Attorney Becomes Leading Fundraiser
Betsy Soule blamed bad food for the excruciating pain that sent her to an Emergency Department during a professional conference in Washington, D.C., six years ago. But a CT scan detected a lesion on her liver, and before long she was diagnosed with cholangiocarcinoma, a dangerous cancer of the bile duct.
“Very stupidly, I did what everybody shouldn’t do, and I googled it,” said Betsy, a legal-aid attorney and executive director of the nonprofit Metrowest Legal Services in Framingham. “It said things like, ‘rare and incurable.’ I was like, ‘Oh, my God.’”
Referred to Lahey
But Betsy’s doctor at a Cambridge hospital referred her to Roger Jenkins, MD, an internationally renowned liver, biliary and pancreas surgeon at Lahey Hospital & Medical Center. “What I remember about that first meeting is that at first he didn’t even want to talk about the cancer,” she recalled. “He wanted to get to know me. Then he had the iPad out and the scans up and he was explaining the whole thing. It turns out my cancer is not rare, and it’s not incurable.”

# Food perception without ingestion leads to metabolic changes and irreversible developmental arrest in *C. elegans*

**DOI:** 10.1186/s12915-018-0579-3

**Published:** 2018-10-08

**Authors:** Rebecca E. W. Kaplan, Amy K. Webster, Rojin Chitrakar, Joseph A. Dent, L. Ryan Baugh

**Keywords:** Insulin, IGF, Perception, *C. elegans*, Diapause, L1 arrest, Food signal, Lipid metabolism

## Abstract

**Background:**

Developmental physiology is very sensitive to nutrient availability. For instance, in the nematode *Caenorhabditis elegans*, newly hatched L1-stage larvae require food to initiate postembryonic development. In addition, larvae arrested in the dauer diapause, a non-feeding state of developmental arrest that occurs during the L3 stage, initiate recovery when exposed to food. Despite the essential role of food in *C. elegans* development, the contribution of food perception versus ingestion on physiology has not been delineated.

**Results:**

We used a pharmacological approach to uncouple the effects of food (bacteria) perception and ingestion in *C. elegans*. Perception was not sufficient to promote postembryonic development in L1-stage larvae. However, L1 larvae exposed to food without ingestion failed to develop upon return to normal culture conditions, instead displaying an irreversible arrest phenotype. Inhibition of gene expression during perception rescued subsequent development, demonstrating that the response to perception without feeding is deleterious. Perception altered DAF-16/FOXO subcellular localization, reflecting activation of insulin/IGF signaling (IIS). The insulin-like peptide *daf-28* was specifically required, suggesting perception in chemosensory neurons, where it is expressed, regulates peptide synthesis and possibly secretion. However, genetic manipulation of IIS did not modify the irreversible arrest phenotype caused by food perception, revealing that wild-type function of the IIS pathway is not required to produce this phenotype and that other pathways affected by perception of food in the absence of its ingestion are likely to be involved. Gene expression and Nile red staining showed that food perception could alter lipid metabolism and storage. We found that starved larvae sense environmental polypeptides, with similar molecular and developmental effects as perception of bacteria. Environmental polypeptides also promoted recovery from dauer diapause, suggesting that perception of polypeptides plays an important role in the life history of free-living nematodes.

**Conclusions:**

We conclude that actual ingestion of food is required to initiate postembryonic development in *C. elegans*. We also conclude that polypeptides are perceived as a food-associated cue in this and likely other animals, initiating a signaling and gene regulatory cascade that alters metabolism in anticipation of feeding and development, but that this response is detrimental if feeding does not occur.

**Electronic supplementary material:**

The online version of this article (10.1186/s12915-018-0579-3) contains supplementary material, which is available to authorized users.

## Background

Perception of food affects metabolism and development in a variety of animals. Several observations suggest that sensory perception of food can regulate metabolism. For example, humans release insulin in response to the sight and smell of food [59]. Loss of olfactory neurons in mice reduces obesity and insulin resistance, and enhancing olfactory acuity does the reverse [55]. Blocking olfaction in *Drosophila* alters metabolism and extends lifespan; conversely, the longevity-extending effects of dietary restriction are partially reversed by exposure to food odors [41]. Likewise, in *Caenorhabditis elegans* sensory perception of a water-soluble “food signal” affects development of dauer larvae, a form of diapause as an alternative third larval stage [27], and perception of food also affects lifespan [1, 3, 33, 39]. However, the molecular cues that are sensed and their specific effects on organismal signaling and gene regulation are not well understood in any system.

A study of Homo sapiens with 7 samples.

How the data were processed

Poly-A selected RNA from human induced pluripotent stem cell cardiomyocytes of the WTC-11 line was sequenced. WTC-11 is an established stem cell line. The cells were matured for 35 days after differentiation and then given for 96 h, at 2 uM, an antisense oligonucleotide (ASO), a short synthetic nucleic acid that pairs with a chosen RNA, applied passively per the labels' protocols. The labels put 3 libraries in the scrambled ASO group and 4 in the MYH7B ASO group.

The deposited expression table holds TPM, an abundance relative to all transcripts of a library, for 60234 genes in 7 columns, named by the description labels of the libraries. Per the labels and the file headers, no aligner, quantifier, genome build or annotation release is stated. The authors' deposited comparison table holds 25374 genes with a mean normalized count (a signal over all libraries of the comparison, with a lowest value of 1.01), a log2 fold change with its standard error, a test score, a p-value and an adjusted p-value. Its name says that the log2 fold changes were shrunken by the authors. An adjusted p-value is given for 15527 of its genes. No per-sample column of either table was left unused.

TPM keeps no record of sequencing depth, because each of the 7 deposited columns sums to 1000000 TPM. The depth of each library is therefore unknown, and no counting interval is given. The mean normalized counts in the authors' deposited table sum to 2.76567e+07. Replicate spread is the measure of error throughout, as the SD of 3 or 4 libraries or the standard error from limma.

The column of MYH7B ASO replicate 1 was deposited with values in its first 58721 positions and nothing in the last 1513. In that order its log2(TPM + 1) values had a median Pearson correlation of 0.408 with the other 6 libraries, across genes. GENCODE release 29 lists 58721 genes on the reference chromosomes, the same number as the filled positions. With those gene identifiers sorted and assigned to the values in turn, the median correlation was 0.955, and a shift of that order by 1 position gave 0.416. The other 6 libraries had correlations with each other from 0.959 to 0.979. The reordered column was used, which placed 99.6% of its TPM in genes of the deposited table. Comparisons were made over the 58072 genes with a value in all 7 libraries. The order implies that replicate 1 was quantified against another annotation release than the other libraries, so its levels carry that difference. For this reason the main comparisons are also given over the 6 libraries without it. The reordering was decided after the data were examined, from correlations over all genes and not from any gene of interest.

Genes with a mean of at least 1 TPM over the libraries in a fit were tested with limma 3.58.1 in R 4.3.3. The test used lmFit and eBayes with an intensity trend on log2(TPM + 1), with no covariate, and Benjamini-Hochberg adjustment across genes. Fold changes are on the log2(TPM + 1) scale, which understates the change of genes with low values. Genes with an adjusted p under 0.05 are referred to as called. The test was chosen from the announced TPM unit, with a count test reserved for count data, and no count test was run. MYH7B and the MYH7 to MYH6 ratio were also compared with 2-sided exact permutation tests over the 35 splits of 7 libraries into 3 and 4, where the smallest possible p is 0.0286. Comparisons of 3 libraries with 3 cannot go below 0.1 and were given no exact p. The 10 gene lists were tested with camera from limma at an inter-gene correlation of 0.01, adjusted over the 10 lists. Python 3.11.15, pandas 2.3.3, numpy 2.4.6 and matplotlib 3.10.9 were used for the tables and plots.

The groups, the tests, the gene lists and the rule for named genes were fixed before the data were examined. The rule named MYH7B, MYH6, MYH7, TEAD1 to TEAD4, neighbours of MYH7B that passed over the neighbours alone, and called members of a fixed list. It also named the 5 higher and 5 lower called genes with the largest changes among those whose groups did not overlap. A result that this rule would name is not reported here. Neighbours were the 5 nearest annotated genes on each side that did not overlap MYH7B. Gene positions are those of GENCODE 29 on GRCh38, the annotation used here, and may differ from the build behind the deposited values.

Several weeks later, Dr. Jenkins removed 60 percent of Betsy’s liver. After she recovered from the surgery, she embarked on a course of chemotherapy with Francis Nugent III, MD, of Lahey’s Sophia Gordon Cancer Center.
All remained well until 2015, when follow-up scans detected a spot on one of Betsy’s kidneys. It turned out to be cancerous, and Andrea Sorcini, MD, performed surgery to remove it.
Raising funds for other patients
Grateful for the care she received at Lahey, Betsy is preparing to walk in her third Lahey Health 5K Cancer Walk & Run this June. To date, she is one of the event’s top fundraisers. Featured in a Lahey Health Cancer Institute video, Betsy shared her story via Facebook and the donations began flooding in.
Why participate in the 5K? “I’m not a runner, but it looked like a nice event and I was happy to help raise money for Lahey because they saved my life,” she said. “It was a good way to get out there with folks who have been through similar stuff.”
This year, Betsy will be walking alongside a couple of her friends. “Part of my story is the network of friends that I have. Right from the first cancer, they enveloped and surrounded me and stepped up.”